Charlene J. Sato Distinguished Lecture: Dr. Fiona Willans

Hem i Broken English nomo:
Interrupting the same old story about pidgins and creoles in school

Fiona Willans
University of the South Pacific

Thursday, April 9
12-1:15 pm
St. John 11

Pidgins and creoles have a long tradition of stigmatisation within formal education. Very little has changed in this regard, despite several decades of sociolinguistic research demonstrating that there is no linguistic justification for keeping these languages out of the classroom. This presentation uses recent data about Bislama (an English-based expanded pidgin), collected at two schools in Vanuatu, to demonstrate that attitudes towards this language remain incredibly negative in the domain of formal education, despite its high status outside school, and despite its prominent place in teachers’ and students’ linguistic repertoires. It will be suggested that these negative arguments can be countered in a number of ways, but that it is difficult to open up sufficient space to disrupt the status quo without rethinking some of our fundamental assumptions about the nature of language and languages. The presentation will consider whether it is possible to shift our thinking from deficit to difference to repertoire, as a way of validating Bislama as part of a complex teaching and learning repertoire.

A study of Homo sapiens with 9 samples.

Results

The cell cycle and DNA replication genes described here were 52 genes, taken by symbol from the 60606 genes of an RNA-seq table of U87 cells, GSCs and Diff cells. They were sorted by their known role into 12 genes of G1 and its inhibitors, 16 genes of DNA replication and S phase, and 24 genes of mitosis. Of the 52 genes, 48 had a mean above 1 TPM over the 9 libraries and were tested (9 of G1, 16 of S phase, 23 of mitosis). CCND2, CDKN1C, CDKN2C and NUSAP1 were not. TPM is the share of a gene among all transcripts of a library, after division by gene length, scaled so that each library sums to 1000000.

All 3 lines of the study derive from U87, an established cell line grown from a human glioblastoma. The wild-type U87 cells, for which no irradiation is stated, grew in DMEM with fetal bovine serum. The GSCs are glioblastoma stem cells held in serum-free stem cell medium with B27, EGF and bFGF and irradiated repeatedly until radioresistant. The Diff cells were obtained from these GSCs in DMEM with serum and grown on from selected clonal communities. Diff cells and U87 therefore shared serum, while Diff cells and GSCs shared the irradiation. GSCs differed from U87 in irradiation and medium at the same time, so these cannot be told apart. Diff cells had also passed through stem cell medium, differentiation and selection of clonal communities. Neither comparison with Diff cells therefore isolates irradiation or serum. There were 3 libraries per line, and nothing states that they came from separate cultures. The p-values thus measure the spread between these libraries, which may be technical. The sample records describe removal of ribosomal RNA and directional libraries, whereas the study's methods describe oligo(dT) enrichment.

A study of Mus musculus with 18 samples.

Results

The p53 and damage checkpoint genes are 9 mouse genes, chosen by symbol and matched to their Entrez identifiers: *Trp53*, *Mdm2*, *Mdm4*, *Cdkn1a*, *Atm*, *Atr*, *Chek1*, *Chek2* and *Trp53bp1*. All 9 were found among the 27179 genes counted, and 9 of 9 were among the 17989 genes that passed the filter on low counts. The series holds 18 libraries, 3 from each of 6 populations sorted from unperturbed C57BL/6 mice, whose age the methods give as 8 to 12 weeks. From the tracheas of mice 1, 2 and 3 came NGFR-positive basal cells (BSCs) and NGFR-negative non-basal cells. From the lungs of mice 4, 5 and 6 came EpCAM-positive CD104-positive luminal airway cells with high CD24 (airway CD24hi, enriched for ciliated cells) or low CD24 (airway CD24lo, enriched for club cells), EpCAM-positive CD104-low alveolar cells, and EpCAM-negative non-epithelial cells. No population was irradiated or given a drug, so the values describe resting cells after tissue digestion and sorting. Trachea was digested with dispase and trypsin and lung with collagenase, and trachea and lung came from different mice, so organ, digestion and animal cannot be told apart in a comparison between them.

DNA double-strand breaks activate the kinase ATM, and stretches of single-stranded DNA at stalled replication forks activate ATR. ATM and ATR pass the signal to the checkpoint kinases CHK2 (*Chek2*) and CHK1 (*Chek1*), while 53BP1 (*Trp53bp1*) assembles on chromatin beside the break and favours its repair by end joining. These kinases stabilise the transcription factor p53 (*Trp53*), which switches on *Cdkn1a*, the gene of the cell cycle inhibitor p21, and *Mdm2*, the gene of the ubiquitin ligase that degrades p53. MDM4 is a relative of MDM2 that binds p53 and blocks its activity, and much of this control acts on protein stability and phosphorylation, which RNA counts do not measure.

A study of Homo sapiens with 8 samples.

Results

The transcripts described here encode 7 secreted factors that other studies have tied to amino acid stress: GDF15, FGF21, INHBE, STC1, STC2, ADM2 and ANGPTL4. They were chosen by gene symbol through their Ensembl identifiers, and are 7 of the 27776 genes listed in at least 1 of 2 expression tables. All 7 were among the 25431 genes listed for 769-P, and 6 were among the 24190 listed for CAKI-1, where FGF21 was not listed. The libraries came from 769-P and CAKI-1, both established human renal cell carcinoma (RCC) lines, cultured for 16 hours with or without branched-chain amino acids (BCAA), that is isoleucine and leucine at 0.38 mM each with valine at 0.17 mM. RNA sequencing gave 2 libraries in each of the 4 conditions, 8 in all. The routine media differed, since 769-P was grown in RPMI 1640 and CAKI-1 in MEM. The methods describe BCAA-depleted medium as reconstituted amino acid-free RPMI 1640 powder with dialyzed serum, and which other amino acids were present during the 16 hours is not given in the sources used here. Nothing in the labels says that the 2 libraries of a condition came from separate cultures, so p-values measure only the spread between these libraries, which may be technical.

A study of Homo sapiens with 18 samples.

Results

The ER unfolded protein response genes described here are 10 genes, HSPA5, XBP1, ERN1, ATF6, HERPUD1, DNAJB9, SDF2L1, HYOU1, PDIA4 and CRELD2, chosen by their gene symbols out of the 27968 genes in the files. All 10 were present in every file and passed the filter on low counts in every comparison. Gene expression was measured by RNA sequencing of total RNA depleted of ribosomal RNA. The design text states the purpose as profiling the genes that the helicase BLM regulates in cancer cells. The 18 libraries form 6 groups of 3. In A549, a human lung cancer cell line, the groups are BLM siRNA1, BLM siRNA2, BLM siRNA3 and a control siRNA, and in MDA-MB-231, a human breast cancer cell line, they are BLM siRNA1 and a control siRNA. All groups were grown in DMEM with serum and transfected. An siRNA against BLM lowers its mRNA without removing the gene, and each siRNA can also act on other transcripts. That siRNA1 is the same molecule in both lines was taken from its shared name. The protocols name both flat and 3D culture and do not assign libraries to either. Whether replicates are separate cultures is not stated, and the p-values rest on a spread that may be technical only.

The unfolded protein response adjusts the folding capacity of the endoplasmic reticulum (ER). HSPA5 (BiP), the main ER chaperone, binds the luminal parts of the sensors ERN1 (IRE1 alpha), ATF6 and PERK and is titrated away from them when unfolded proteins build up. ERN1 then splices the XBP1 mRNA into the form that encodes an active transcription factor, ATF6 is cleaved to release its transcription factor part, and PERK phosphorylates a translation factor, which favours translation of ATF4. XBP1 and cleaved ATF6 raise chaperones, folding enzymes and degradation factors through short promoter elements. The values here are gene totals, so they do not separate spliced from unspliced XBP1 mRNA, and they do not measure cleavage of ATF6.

Dr. Fiona Willans is a lecturer in Linguistics at the University of the South Pacific (Laucala Campus, Fiji). Her research interests include colonial legacies within language ideologies and language-in-education policies; the potential for bottom-up and ‘sideways’ approaches to medium of instruction issues throughout the Pacific; the status, use and development of pidgins and creoles; and the use of ethnography to understand ‘policy’ from as many perspectives as possible.

This talk is made possible by grants from the Diversity and Equity Initiative and SAPFB. For more information, contact Christina Higgins at

Additional Event with Dr. Willans:

Wednesday, April 8, 5:00–6:30 PM
College of Education Collaboration Center (CCC), Wist Hall

The Multilingual Turn: What Use Is It To Educators?

This presentation explores what materials developers, teachers and teacher trainers are meant to do with notions such as ‘flexible multilingualism’ and ‘complex repertoires of resources.’